Illinois Governor Pat Quinn is considering borrowing $15 billion to pay overdue bills and balance the biggest budget deficit in the state’s history.
The plan is among a range of proposals that Quinn is discussing with state lawmakers as they prepare to return to Springfield Jan. 3 for the final days of the legislative session, said Kelly Kraft, a Quinn spokeswoman.
Illinois faces a budget shortfall of at least $13 billion because of declining tax revenue. The state Senate in November didn’t have the votes to approve the borrowing of $3.7 billion to cover pension-fund contributions for the fiscal year that ends June 30.
“We are working on a variety of options,” Kraft said in an interview today. “Nothing has been finalized. We’re talking with legislators on both sides of the aisle. Our goal is to stabilize the budget.”
Cullerton met recently with Quinn to discuss the idea, said John Patterson, a spokesman for Senate Democrats. Steve Brown, a spokesman for Madigan, said it’s “difficult” to react to Quinn’s idea “because it’s not a hard and fast proposal.”
The Senate Republican leader, Christine Radogno, criticized the proposal as lacking specifics about how the money would be paid back.
“A discussion about state finances can’t just be about raising more taxes and borrowing more money,” said Patty Schuh, a spokeswoman for Radogno.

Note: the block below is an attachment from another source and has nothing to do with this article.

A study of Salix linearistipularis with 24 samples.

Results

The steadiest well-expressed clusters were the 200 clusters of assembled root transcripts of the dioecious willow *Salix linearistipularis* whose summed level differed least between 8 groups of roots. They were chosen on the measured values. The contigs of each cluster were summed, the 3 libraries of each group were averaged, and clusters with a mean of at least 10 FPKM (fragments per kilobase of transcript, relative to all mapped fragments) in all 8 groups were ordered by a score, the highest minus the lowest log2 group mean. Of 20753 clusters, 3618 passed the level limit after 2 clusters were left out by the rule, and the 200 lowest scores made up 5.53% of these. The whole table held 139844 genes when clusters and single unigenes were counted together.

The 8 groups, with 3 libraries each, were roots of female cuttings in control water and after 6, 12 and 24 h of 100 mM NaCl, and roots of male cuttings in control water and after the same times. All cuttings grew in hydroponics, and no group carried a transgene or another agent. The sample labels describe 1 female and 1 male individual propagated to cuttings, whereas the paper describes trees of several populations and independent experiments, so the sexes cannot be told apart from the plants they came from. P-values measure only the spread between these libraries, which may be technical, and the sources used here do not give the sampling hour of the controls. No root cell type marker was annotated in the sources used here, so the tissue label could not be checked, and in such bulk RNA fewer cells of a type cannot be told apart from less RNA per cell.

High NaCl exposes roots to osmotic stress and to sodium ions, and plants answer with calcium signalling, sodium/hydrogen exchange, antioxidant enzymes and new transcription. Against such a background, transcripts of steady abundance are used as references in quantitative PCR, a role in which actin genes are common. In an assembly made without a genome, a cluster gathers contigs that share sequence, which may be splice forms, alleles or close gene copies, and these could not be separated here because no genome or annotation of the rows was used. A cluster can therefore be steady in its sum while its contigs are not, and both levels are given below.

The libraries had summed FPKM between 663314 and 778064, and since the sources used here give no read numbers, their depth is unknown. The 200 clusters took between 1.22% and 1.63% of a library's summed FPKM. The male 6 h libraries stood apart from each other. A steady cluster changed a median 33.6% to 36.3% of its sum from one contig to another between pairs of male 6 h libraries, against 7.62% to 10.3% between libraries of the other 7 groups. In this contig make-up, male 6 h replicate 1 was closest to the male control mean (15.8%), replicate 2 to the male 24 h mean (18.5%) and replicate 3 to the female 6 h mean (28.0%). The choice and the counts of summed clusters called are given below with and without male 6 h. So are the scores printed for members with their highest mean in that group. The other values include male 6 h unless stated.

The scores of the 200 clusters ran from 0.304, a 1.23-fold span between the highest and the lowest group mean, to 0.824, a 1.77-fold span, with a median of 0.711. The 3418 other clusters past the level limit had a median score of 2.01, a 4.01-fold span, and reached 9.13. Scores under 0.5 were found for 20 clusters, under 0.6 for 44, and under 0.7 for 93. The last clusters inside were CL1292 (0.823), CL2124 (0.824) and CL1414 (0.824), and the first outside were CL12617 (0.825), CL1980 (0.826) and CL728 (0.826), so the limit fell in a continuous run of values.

Other ideas under consideration include a 2 percentage- point increase in the state income tax that the Senate approved in 2009. The current rate is 3 percent. The House didn’t take the measure up for a vote.
Quinn’s new borrowing proposal, which the Chicago Tribune reported today, drew criticism from one municipal-bond investor. Matt Dalton, chief executive officer of Belle Haven Investments Inc., in White Plains, New York, questioned the wisdom of borrowing.
“He’s trying to sign up for another credit card,” said Dalton. “That’s going to put a lot of pressure on Illinois.”
The cost of insuring Illinois’s bonds against default rose to the highest level in five months as the state headed for the new year without a plan to finance the pension-fund contributions.
The cost of credit-default swap insurance on the lowest- rated state after California has risen 16 percent since Dec. 3 to $330,000 to protect $10 million of debt, from $285,000, according to data compiled by Bloomberg. That’s the most expensive since July 12, when it reached $335,000.